Alibaba’s Alipay Now Sees Over Half Of Its Transactions In China From Mobile Devices

China is in the midst of a mobile commerce boom, according to a new report from Alipay, the Alibaba-affiliated payments service that handles more than 80 million transactions per day.

The company‘s latest report found that 54 percent of the number of transactions on its PayPal-like service during the first ten months of 2014 were from mobile devices. That’s a huge increase on last year, during which mobile accounted for just 22 percent of all payments.

This year saw mobile internet access overtake desktop access for the first time in China, but interestingly Alipay — which has over 300 million registered users and more 190 million downloads of its wallet app — found differing behavior when comparing urban and rural parts of the country.

Mobile payments were relatively low in affluent cities like Beijing, Shanghai, and Guangzhou (accounting for 29 percent, 24 percent and 27 percent of transactions respectively), but in more remote areas like Tibet, Shaanxi and Ningxia, mobile accounted for 62 percent, 60 percent and 58 percent of transactions respectively.

While consumer spend in these mobile-focused provinces clocked incredible growth — it was up 600 times and 145 times in Tibetan cities Lhoka and Shigatse — more than 55 percent of Alipay’s total transactions came from five of China’s most developed provinces: Guangdong, Zhejiang, Jiangsu, Shanghai and Beijing.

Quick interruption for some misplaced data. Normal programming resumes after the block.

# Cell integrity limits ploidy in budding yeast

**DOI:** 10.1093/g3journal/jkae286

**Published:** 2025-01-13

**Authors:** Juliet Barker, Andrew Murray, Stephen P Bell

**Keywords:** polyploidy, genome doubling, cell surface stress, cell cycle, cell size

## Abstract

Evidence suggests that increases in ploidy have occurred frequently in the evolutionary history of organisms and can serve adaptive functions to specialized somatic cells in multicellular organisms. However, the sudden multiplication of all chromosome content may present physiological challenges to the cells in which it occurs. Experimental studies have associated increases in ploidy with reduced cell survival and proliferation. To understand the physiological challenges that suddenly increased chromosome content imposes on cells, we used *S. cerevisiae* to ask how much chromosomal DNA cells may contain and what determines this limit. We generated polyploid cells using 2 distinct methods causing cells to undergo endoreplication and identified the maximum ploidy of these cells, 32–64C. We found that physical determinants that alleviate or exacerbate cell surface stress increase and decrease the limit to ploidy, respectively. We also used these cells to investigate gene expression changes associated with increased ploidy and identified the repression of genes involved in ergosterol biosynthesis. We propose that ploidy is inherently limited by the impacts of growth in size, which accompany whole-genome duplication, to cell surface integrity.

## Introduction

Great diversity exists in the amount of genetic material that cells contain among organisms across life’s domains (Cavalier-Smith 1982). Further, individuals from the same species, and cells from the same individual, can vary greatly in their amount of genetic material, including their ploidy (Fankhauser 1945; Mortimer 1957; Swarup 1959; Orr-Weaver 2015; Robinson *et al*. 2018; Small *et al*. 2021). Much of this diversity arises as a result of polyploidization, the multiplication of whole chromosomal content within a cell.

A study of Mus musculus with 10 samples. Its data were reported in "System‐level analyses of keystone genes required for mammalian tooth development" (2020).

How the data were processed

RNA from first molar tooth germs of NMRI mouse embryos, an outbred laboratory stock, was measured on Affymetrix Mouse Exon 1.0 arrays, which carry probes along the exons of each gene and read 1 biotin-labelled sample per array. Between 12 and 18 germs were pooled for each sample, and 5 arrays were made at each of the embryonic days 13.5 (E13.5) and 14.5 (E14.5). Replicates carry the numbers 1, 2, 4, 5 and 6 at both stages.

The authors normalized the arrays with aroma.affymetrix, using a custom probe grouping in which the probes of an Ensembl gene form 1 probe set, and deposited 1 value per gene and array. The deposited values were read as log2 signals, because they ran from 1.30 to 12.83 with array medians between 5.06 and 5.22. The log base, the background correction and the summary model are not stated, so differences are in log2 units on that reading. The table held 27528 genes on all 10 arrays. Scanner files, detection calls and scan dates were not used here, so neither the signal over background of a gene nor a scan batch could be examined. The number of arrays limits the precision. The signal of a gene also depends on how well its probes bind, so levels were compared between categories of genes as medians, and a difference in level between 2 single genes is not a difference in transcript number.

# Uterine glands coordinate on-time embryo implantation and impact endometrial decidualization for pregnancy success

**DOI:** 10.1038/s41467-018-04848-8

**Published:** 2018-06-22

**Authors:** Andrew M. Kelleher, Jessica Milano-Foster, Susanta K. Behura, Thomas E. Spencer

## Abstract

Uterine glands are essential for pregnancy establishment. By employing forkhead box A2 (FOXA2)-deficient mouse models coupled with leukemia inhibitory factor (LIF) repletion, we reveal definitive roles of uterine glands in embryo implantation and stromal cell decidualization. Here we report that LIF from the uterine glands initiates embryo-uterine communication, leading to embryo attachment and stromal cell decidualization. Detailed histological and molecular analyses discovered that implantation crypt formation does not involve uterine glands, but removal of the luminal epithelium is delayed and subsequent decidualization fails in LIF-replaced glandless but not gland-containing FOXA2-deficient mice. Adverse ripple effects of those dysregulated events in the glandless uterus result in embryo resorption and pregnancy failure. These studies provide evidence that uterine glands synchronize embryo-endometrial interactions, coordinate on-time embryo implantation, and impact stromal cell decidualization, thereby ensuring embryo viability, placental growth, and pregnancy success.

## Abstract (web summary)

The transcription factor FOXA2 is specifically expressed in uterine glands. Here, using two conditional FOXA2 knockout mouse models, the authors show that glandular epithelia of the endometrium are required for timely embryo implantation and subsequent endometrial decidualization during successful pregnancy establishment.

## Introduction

Indeed, the highlight figures account for the sheer numbers of transactions. When it comes to the overall volume of sales processed via mobile, the figure is almost certainly below 50 percent. Mobile accounted for 43 percent of the record $9.3 billion sold on Singles’ Day 2014, which may be higher than usual given the amount of promotion and hype behind the event.

Smartphone shipments are slowing in China as adoption of devices nears saturation point in urban areas, and that is coaxing China’s largest tech firms into addressing the technology gap in rural areas. Tencent, for example, last week showcased its first ‘mobile internet village’ in China aimed at bringing new citizens online.

In one example of the program, the company is providing smartphones and free WiFi for 460 households in the Tongguan village in Guizhou province in Southwest China.

Affordable mid- and low-range phones have propelled Xiaomi to number one in China’s smartphone rankings, and third worldwide, while also emphasizing that China’s next smartphone boom will come at the lower-end of the price scale as technology reaches new demographics.

There’s huge potential in that connectivity. A short Alibaba documentary shows how smartphones can provide access to a more varied selection of products and unearth business opportunities in more remote areas where there are fewer retailers and limited access to supplies.

Alibaba does, of course, have a vested interest in telling this story, since its Taobao and Tmall marketplaces are the primary e-commerce options in China — indeed we highlighted the importance of both mobile and less developed cities for Alibaba following this year’s Singles’ Day. Nonetheless, the core findings of Alipay’s report make for interesting reading into how the dynamics of China’s tech space are shifting as mobile internet access grows.